DISTANCE & DIGITAL LEARNING can be challenging, but being prepared can help set you up for success. You’re probably already using digital resources like online articles or videos, but you might not be using specific strategies to support your learning.
Expect to learn from non-traditional resources such as audio files or animation.
When studying from digital resources, try using a computer instead of your phone and take notes. This can make it easier to remember the details.
Be prepared to read and write a lot.
Check your email and D2L frequently for messages from your instructors.
For online (distance) courses, confirm the technical requirements (hardware, software, etc.) before the class begins.
How will you organize and track your course materials and assignments?
If an online course includes a lecture component (through video, audio, etc.), have you set aside a specific time and private place to participate?
If you’re doing your coursework at home, how will you manage distractions?
How do you manage your time to avoid last-minute cramming and panic?
Do you know when your assignments are due for each course, and have you marked the deadlines on a print or electronic calendar?
Most Camosun instructors use an online learning management system called D2L. When you log in to D2L, you’ll generally find course outlines, assignments and due dates, readings, and other course materials.
Log in to D2L daily for each applicable course. Many instructors will communicate with you through D2L.
Familiarize yourself with the D2L layout for each course. Instructors organize their course materials in different ways.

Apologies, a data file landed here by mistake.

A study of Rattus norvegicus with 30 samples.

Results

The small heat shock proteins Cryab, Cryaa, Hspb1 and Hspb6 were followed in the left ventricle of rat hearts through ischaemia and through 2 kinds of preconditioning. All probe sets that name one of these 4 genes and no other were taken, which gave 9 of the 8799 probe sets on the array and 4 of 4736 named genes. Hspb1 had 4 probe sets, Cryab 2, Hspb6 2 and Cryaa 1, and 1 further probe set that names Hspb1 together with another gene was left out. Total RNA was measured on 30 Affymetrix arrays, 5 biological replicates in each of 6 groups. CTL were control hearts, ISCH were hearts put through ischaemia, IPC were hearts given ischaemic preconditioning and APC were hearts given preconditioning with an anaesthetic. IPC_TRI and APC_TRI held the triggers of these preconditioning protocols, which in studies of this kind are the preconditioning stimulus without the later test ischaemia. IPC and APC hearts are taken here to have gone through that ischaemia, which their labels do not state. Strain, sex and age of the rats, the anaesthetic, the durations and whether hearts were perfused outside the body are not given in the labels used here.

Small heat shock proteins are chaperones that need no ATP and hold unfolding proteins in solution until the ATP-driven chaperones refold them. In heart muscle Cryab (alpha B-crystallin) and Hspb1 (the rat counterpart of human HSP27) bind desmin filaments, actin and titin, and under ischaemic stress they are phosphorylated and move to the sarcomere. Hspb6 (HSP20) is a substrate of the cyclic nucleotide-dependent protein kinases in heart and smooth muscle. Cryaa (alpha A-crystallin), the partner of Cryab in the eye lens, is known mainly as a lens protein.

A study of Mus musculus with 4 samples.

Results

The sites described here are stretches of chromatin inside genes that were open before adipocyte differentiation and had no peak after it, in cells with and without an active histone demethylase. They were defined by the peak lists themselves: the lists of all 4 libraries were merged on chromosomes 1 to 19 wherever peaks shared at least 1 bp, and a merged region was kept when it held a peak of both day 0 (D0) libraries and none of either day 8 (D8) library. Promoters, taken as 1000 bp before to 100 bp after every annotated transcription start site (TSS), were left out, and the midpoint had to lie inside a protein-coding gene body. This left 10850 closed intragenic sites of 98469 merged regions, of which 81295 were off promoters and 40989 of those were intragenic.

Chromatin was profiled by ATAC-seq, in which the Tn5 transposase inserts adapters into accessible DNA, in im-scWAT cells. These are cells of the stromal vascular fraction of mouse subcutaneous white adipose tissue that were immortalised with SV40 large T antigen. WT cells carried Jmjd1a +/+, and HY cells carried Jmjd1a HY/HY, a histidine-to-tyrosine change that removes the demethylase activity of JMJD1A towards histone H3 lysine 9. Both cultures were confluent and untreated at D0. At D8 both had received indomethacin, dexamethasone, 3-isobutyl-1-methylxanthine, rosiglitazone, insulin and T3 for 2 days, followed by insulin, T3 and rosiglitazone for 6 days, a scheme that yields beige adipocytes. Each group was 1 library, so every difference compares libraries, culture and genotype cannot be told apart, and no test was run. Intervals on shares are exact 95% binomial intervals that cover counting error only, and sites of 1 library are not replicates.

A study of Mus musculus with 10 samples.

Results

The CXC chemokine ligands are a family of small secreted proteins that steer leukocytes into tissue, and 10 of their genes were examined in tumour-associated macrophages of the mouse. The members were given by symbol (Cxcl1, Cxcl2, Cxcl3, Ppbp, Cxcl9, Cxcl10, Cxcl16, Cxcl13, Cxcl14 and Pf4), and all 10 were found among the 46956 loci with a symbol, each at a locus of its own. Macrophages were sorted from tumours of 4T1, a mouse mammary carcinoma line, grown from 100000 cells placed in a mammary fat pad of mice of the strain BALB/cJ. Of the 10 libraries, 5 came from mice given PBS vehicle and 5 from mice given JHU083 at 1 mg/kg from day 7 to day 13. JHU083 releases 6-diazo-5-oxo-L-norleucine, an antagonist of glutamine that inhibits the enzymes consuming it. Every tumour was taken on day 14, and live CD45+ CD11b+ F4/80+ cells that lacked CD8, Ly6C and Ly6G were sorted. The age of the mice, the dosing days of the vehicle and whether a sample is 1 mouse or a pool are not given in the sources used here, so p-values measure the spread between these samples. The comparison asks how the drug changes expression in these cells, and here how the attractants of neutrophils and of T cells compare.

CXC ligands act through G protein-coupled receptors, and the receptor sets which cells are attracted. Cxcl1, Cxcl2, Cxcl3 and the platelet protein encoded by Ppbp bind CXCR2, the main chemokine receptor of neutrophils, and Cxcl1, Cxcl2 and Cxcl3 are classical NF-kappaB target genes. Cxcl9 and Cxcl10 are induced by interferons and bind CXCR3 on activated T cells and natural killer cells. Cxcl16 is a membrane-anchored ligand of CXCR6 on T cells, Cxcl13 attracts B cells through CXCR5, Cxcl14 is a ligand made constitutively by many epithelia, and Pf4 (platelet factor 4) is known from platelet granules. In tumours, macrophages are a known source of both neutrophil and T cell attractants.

Know where to find everything: the learning outcomes, course outline (which usually includes assignment due dates), and assignment guidelines so you can find them quickly when you need to.
If your instructor doesn’t provide handouts, consider printing course outlines and assignment guidelines for frequent handy reference.
If you prefer not to print, consider downloading materials to your computer so you can organize them and mark them up.
Whether your classes happen in person, at a distance (online), or some combination, you can expect them to include some digital resources. Instructors may ask you to read online articles or PDFs, watch videos, or take online quizzes and tests. How will you manage this effectively?
Figure out how the resource connects to the learning outcomes or a specific assignment. Why do you think your instructor assigned it (purpose)?
Keeping the purpose in mind, take notes from the source.
For taking notes, consider the easiest format for future review: digital notes are handy, but you have to remember where you save them. Handwritten notes may help you remember the material better, but will you have them with you when you need them? Index cards would work well if you want to take notes in the form of test questions.
For long sources, break down the work into chunks. If you have to read 100 pages by Friday, for example, how many pages is that per day? Depending on how the source is organized, you could break it down by section headings.
See the Tools and Resources section for online test-taking tips.
Online courses can be very challenging if you don’t plan ahead. Consider these ideas to help you out:
Keep in mind that taking an online (distance) course is just as much work as a face-to-face course.
Expect to participate in a discussion board through D2L or some other application.
Confirm equipment requirements such as a headset/microphone combo, or speakers and a built-in mic on your laptop.
Confirm technical requirements, like ensuring reliable Internet access and downloading required software.
Consider using Chrome if you have issues with other browsers.
You can’t access everything on an iPhone, for example, Adobe Flash.